Dublin is facing a shortfall of more than 1,000 hotel rooms Fáilte Ireland has said, despite calls by Dublin city councillors for a curb on hotel construction in the city.
Councillors on Monday night voted to initiate a change to the city development plan to limit hotels, and review the plan to propose other changes which could be made to “urgently protect and promote nightlife and creative culture in Dublin”.
Councillors also agreed that any council land which was not suitable for social housing would be assessed for its potential for cultural use as an alternative to sale.
While councillors of all parties spoke in favour of the motion, city planner John O’Hara said limiting hotels under the city development plan would leave the council open to legal action. “Any talk of a ban or curtailment without evidence runs the risk of legal challenge,” he said.
Head of Planning Richard Shakespeare said it was a management function to initiate a change to the development plan and the council's management did not intend to do so. The council passed the motion regardless.
A Fáilte Ireland spokeswoman said, while hotel numbers were growing, demand was outstripping supply.
“After almost a decade of inactivity, a strong pipeline of new hotel accommodation stock is expected to improve tourism capacity pressures in Dublin by 2020. However, this activity is still being outpaced by growing demand and an expected shortfall of at least 1,100 rooms.”
This lack of supply in the capital affected the rest of the country, she said.
“Dublin is where most visitors choose to spend part of their stay in the city. Over 85 per cent of visitors access Ireland through Dublin. Therefore, if visitors cannot access Dublin, it is highly likely they may not visit the country at all.”
Green Party councillor Patrick Costello said the proposal to limit hotels was an attempt to "restore balance" to the city development plan.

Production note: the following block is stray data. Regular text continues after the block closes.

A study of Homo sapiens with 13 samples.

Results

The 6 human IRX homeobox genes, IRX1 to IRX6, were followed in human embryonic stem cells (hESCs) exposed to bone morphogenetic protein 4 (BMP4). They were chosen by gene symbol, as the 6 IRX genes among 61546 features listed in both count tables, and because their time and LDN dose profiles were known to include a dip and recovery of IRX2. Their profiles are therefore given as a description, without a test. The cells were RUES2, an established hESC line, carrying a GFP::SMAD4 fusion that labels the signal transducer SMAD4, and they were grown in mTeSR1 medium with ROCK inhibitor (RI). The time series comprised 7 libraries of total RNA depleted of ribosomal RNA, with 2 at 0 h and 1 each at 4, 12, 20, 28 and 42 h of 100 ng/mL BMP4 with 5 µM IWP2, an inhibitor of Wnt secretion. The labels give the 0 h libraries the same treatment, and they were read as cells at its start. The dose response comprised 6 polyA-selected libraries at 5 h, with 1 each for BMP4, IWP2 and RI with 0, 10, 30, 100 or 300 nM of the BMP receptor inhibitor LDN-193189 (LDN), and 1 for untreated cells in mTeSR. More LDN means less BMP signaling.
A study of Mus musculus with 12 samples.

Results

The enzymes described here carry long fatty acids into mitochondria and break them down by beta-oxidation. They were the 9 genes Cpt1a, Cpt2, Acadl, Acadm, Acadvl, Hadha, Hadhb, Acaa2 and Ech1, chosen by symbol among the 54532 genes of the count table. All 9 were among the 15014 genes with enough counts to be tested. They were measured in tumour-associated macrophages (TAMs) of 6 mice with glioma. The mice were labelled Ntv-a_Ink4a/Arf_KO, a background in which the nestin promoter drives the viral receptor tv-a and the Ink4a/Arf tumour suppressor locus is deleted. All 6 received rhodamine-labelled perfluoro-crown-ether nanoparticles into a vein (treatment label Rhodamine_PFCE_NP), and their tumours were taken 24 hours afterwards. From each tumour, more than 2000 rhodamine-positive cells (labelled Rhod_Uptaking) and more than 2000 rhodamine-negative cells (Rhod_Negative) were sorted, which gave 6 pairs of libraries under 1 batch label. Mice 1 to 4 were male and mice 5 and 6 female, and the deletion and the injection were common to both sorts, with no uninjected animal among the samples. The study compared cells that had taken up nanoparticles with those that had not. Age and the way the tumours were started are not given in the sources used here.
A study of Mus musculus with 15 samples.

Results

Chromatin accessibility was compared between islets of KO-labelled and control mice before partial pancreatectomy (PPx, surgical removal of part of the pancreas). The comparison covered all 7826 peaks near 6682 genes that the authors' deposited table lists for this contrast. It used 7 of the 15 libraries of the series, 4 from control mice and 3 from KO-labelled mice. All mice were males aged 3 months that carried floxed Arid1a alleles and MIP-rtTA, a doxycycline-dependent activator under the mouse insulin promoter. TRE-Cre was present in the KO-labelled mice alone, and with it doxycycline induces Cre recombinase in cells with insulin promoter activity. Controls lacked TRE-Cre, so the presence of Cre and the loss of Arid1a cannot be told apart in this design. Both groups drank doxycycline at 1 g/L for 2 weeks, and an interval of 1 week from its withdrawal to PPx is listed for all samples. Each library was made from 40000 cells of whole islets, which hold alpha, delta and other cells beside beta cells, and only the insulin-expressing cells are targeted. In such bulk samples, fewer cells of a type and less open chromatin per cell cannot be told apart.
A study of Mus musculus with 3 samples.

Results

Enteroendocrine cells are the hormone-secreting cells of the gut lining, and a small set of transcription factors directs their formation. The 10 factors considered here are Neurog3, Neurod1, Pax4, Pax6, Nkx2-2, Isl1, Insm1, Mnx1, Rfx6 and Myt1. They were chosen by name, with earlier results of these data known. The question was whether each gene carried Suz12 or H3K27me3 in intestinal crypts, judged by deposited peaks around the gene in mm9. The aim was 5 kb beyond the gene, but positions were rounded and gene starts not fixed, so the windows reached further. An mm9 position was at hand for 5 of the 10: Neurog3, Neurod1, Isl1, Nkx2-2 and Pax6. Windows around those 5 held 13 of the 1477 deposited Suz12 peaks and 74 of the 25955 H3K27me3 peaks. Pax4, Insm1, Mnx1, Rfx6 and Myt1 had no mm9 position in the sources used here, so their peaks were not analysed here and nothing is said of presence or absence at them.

“If all we are building in the city is hotels and aparthotels that is not serving the city or valuing creativity in the city. That is the reason people come here, they don’t come for hotels.”
The perceived shortage of hotels in the city, could be because they are being inappropriately used, he said.
“If the occupancy rates are so high, it has to be asked how many of these rooms are being booked by the Dublin Region Homeless Executive? How many are booked out by people working in Dublin who are finding it cheaper to stay in a hotel than to rent? We need to question what outside factors are distorting these figures.”
Labour councillor Rebecca Moynihan points to several hotels in the Dublin 8 area which have replaced cultural uses such as a 242-room aparthotel replacing the Tivoli Theatre on Francis Street and the 202-room Aloft hotel replacing artists studios on Mill Street.
The city had a greater need for housing than hotels she said.
“It’s a question of land use and our priorities. Tourism numbers have shot up so while Fáilte Ireland might be right, [in relation to the lack of hotel rooms ]that doesn’t mean that it’s the best land use for a mixed city.”
Monday's council meeting was called following the planned closure of the Bernard Shaw pub and venue in Portobello, and the decision by councillors to sell council owned land near the venue to a developer.
Last week it emerged that the Bernard Shaw will reopen on the northside of the city in the Porterhouse Whitworth pub close to Cross Guns Bridge on the border between Glasnevin and Phibsborough.
The meeting came just days after another large scale hotel was granted permission in the city, which will involve large scale demolition.
Keily family company Greybirch has secured permission for an eight-storey 116-bedroom hotel on at block at George's Quay opposite Liberty Hall and beside Mulligan's pub on Poolbeg Street.
Buildings on the quays, Poolbeg Street and on Tara Street will be demolished to make way for the development, including the Tara Building, which opened in recent years as a co-working premises with its exterior painted by street artist Maser.